Chi has already touched on this in his main review, but I feel compelled to emphasize it even more. The amount of detail, especially historical detail that has gone into Dynasty Warriors 3 is simply mind-boggling. I can think of no other game that offers a database of information about people and events in the game as an option to select from the main menu screen. During the briefing before every battle, one of the options you are given is to read a brief historical context of the battle you are about to fight. The characters and battles in Dynasty Warriors 3 are based on a famous Chinese historical novel, The Romance Of The Three Kingdoms by Luo Guanzhong. (It is worth noting that those of us used to the Yale translations of the characters names will be confused at first, as Dynasty Warriors 3 uses a more modern translation (Cao Cao instead of Tsao Tsao, etc.)) Not only are you offered an incredible number of characters to play with, but no matter who you choose, you will be playing as a historical figure from one of the most interesting periods in Chinas rich history. Quite simply, Koei has created a game that is not only addictively fun, but educational.
Another feather in the cap of Dynasty Warriors 3 is the incredible amount of replay value that you receive. With a grand total of 41 possible characters to play with, and with each character having a different arc of battles in the Musou mode (basically a story mode), as well numerous different items and unique weapons for each character, theres a wealth of replay options here. And each character is highly detailed, using a bright, engaging palette with an excellent range of colors.
Most of the flaws in Dynasty Warriors 3 can be tied, as Chi implied, to the amount of characters the game requires to be on the screen at the same time. This means that aside from people popping in and out of existence, that the draw plane is pretty short and that theres enough fogging that you never get a great sense of the scope of the battlefield. The camera also has a couple of minor flaws, sometimes getting caught behind objects that do not turn transparent and often you are attacked by enemies that you were not aware of. However, most of the time the camera is well-behaved, and considering youre usually fighting in the middle of a swirling melee, its to be expected that people will get shots in from behind you.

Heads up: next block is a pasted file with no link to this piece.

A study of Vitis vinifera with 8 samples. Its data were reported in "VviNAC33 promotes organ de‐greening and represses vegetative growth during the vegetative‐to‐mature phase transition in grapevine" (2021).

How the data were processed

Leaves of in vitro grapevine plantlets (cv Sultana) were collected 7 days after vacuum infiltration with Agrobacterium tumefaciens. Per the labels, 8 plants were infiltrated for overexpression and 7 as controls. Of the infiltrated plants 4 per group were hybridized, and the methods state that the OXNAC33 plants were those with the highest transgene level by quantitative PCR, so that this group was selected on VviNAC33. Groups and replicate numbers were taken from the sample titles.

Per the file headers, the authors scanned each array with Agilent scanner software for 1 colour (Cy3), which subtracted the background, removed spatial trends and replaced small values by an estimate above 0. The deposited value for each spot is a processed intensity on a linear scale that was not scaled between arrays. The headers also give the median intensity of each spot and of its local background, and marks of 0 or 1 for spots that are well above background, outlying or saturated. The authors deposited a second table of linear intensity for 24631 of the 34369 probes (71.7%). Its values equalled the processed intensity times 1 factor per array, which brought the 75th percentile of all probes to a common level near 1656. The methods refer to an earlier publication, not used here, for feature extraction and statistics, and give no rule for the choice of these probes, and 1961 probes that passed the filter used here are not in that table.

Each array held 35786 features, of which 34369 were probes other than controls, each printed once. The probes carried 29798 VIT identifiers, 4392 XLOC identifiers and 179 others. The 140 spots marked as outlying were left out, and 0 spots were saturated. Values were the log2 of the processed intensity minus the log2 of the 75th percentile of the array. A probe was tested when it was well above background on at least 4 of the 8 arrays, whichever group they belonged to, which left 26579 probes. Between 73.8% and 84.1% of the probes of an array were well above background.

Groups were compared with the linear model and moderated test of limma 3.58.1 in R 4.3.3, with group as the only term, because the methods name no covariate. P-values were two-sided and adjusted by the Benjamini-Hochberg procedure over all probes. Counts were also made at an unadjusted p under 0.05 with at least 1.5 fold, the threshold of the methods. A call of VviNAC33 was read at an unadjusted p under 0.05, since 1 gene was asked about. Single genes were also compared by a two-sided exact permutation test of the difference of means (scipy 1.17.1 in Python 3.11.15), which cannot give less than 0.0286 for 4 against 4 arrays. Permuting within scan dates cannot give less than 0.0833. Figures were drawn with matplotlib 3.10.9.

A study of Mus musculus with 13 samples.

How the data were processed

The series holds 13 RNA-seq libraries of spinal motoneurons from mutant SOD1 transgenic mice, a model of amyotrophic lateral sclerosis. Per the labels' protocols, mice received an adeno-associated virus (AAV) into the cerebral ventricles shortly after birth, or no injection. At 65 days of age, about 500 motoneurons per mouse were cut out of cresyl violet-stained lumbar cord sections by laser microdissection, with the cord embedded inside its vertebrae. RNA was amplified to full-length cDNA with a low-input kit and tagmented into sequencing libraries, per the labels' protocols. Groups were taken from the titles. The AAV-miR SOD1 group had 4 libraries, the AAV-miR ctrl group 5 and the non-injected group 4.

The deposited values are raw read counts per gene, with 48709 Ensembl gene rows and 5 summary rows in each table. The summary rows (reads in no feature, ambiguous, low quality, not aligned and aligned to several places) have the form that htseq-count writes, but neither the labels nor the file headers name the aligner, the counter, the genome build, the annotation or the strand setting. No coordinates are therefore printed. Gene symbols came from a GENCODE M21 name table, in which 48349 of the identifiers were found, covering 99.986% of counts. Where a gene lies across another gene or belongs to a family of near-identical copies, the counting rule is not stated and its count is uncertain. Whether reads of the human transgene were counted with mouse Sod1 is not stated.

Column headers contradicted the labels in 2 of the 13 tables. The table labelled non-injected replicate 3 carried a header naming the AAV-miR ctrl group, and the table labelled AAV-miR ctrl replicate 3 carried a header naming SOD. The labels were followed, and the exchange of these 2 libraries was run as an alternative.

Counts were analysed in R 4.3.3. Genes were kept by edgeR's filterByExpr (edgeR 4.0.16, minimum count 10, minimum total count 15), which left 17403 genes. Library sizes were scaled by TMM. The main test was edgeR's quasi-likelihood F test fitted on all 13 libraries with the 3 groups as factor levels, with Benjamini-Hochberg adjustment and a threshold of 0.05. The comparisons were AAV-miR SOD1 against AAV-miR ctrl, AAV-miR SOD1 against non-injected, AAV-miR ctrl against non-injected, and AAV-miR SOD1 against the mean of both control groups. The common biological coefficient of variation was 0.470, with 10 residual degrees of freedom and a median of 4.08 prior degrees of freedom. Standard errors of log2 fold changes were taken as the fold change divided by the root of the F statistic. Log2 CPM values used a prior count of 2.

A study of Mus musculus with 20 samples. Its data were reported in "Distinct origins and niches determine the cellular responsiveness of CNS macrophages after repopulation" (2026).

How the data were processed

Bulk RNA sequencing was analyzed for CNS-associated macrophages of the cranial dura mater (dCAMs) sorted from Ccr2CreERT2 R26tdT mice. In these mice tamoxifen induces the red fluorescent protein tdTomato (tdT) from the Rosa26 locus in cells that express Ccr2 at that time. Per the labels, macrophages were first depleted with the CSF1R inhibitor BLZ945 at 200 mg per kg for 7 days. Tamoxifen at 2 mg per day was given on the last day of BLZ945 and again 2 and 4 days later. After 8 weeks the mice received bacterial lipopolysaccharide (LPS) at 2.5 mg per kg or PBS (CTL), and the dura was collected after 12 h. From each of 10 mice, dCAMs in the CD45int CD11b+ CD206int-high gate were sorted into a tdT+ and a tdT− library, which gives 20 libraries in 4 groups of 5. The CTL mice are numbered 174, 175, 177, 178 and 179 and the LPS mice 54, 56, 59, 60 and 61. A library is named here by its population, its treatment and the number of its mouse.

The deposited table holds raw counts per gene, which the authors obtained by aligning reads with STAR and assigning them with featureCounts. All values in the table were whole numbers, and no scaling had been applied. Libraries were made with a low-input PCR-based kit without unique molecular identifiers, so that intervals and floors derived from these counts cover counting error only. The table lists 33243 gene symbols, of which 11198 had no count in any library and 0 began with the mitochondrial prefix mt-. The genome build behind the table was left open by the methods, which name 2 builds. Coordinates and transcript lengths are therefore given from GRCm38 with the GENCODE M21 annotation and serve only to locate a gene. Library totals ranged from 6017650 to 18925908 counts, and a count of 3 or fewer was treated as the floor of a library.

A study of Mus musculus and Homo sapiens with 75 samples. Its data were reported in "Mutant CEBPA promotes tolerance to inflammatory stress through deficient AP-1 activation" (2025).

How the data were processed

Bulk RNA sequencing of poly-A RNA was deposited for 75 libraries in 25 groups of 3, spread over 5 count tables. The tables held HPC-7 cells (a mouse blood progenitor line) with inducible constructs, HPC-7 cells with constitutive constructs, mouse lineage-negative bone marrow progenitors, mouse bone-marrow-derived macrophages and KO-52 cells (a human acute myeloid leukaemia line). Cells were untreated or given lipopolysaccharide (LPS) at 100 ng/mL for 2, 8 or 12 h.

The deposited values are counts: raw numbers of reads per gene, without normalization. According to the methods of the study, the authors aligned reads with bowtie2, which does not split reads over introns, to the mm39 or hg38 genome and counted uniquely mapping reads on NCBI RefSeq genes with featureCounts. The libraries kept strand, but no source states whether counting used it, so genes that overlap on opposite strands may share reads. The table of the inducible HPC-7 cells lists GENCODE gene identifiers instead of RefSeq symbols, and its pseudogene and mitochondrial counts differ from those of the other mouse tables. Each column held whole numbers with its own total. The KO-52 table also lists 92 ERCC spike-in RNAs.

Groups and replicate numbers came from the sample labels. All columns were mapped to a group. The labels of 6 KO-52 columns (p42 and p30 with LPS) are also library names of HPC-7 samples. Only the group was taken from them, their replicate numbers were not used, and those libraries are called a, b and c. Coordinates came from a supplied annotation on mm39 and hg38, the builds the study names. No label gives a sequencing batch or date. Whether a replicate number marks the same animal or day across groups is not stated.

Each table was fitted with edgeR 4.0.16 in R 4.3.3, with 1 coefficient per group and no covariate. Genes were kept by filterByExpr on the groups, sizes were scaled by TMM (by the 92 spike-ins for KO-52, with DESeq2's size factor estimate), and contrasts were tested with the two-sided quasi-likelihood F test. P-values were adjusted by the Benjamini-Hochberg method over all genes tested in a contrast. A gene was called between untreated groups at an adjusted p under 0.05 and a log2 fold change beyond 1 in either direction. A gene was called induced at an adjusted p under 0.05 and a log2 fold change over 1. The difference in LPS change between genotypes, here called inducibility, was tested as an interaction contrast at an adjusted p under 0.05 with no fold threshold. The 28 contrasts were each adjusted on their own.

Perhaps the oddest part of Dynasty Warriors 3 is the voice acting and the music. The English voice acting is adequate to horrid, with an emphasis on horrid. Thankfully, Koei gives you the option of retaining the Japanese voice acting with English subtitles, which is at least competent, if not spectacular. The soundtrack is dominated by hair-metal guitar riffs that seem wildly incongruous compared to the historical backdrop of the game. At least the music is upbeat and does a good job lending a sense of speed and aggression to the gameplay.
Another drawback that I found myself cursing was the way the game handles plot. Since the game is drawing together a very large body of work with many different characters who will switch allegiances between the 3 main sides, its hard to keep track of what exactly is going on, or what you hope to achieve by winning a certain battle. Although the historical introductions to each battle help somewhat, it is very hard to get a sense of a larger plot line connecting the series of battles you fight through. Additionally, it will certainly take longer than a few weeks of solid play (at least if you are not familiar with the earlier games in the series) to be able to recognize all the various characters and their relationships to each other. Still, Dynasty Warriors 3 is worth the kind of dedication that it requires to move beyond the initially shallow feel of its gameplay and truly explore its depths.
Disclaimer: This review is based on the PlayStation 2 version of the game.